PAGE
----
Over the coming weeks Phil Bartlett, the resident Assistant Director at the Theatre Royal Plymouth, will be giving an insight into the rehearsals for After Electra, a new play by April de Angelis which is being directed by Samuel West and premieres in Plymouth this March before its run at the Tricycle Theatre. Over the next few weeks Phil will be using this blog to give you an behind-the-scenes perspective into the rehearsal room, reporting back on how the play develops as Sam and the actors interrogate April’s script and translate her words into action.
Over to Phil…
Rehearsals kicked off last week with a read-through of the entire script. As the name suggests, a read-through involves the actors speaking their lines aloud and is a chance for everyone involved in the production to hear the script as it stands on the first day of rehearsal. Read-throughs aren’t always useful, but with a new play it’s often helpful and in this case it was a delight to hear the actors together give voice for the first time to the comedy and drama of April’s dialogue. The read-through was followed by designer Michael Taylor talking those present through the model-box, which is a to-scale model of what the set will look like. I won’t reveal too much about the design at this point, but it was exciting to see how full of detail the environment is going to be and get some indication of the kind of furniture, props and lighting we’ll have at our disposal. The Drum and the Tricycle stages are different shapes and so Michael also explained to us how the set would be adapted at each venue to fit the spaces.
After lunch, the wider production team left us and we began rehearsals proper. Rather than standing the play up straight-away, however, we gathered around a table in order to go back to the first page of the script and gradually work through each scene compiling a list of facts and questions. Facts are anything we know from the script to be true (for example, that the first scene takes place on Virgie’s birthday) whilst questions are anything left unanswered in the text (for example, the exact date of Virgie’s birth). It took us a few days to work through each scene in this way, taking turns to read a speech a time regardless of who will speak it in performance, but was an invaluable way of checking that everyone was clear of the given circumstances of the play and highlighting any ambiguities in the script we needed to fill in. Often these ambiguities are details the audience will never know the answers to, but deciding amongst ourselves the precise layout of Virgie’s house, for instance, ensures everyone is performing in the same play and helps solidify the world we are presenting.
At the same time as compiling our facts and questions, we took note of any dates mentioned in order to construct a timeline of events. Some of the characters have known each other for more than fifty years, and so whilst the action of the play takes place over just seven months the people concerned have a collective history which stretches back into the previous century. Using any specific references in the script to time as anchors, we filled in the gaps ourselves to pinpoint exactly when and where the key events in these people’s lives took place, and in so doing discovered clues linked to their relationships and behaviour. ‘Life did get a bit chaotic,’ says Virgie at one point, but establishing a firm chronology has already helped us hugely in understanding the memories and experiences the characters carry with them when they enter the story.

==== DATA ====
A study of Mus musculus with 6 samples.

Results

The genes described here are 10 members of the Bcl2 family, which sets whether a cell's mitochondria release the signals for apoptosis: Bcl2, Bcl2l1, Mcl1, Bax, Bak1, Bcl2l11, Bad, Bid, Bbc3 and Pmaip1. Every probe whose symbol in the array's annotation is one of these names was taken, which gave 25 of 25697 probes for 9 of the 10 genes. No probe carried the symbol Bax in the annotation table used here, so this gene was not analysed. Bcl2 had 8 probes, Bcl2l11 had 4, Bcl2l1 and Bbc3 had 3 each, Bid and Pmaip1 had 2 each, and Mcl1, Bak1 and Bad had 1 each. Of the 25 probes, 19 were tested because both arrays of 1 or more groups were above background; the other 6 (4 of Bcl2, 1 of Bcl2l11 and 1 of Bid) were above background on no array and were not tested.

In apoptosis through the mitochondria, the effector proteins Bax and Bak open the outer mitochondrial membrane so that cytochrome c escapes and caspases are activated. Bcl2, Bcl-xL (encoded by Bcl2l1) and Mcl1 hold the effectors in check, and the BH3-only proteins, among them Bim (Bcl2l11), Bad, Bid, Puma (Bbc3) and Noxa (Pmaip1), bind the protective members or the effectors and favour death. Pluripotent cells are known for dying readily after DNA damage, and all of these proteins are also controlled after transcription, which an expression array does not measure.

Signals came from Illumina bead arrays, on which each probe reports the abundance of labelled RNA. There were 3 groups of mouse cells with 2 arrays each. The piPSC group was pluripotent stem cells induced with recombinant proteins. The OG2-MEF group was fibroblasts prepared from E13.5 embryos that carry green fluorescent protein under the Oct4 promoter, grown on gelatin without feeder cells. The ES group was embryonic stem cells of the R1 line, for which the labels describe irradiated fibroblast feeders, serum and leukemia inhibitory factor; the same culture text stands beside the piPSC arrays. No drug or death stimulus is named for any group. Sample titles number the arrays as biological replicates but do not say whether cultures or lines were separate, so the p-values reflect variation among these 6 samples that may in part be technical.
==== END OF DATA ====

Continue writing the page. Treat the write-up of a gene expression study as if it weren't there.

To help us find interesting and water-tight answers to the many questions our script work has raised we’ve collectively been carrying out lots of research outside of rehearsals – this has ranged from consulting maps to work out where exactly along the coast Virgie might live to investigating the movements of the tide at specific times and finding out the cost of a holiday to Venice. Much of this research has already been done once by the director or playwright before the start of rehearsals, but asking the actors to also research the topics related to their characters allows us to collectively decide upon the most interesting answers – provided, that is, that they are supported by the script. Research isn’t just limited to typing key phrases into google, either – actor Rachel Bell, who is playing Shirley, is arranging a tour of the House of Lords, for example, and next week we have plans to visit an artist’s studio. We’ve looked at paintings (such as the violently physical Judith Slaying Holofernes by Artemisia Gentileschi [below] mentioned at an important point in the play) and listened to poems inluding Ted Hughes’s Full Moon and Little Frieda, for instance, which cropped up in our discussions of an important offstage character and is definitely worth taking a few minutes to enjoy.
This work is only worth doing, of course, insofar as it furthers our ability to tell the story well, and after four days we had amassed enough information to begin exploring scenes on our feet. Finding a physical shape for the story inevitably raises a host of new questions, but it’s great to already see the information we’d uncovered in those initial sessions support the actors in making exciting, convincing performance choices. The first week ended with us arriving at a basic shape for the first scene of the play, and having then had a couple of days off to rest and continue individual script work we’re all now looking forward to getting back in the room and continuing our journey through this extraordinary play.
After Electra will be performed at the Theatre Royal Plymouth from Thursday 12th to Saturday 28th March before transferring to the Tricycle Theatre for performances from Tuesday 7th April to Saturday 2nd May.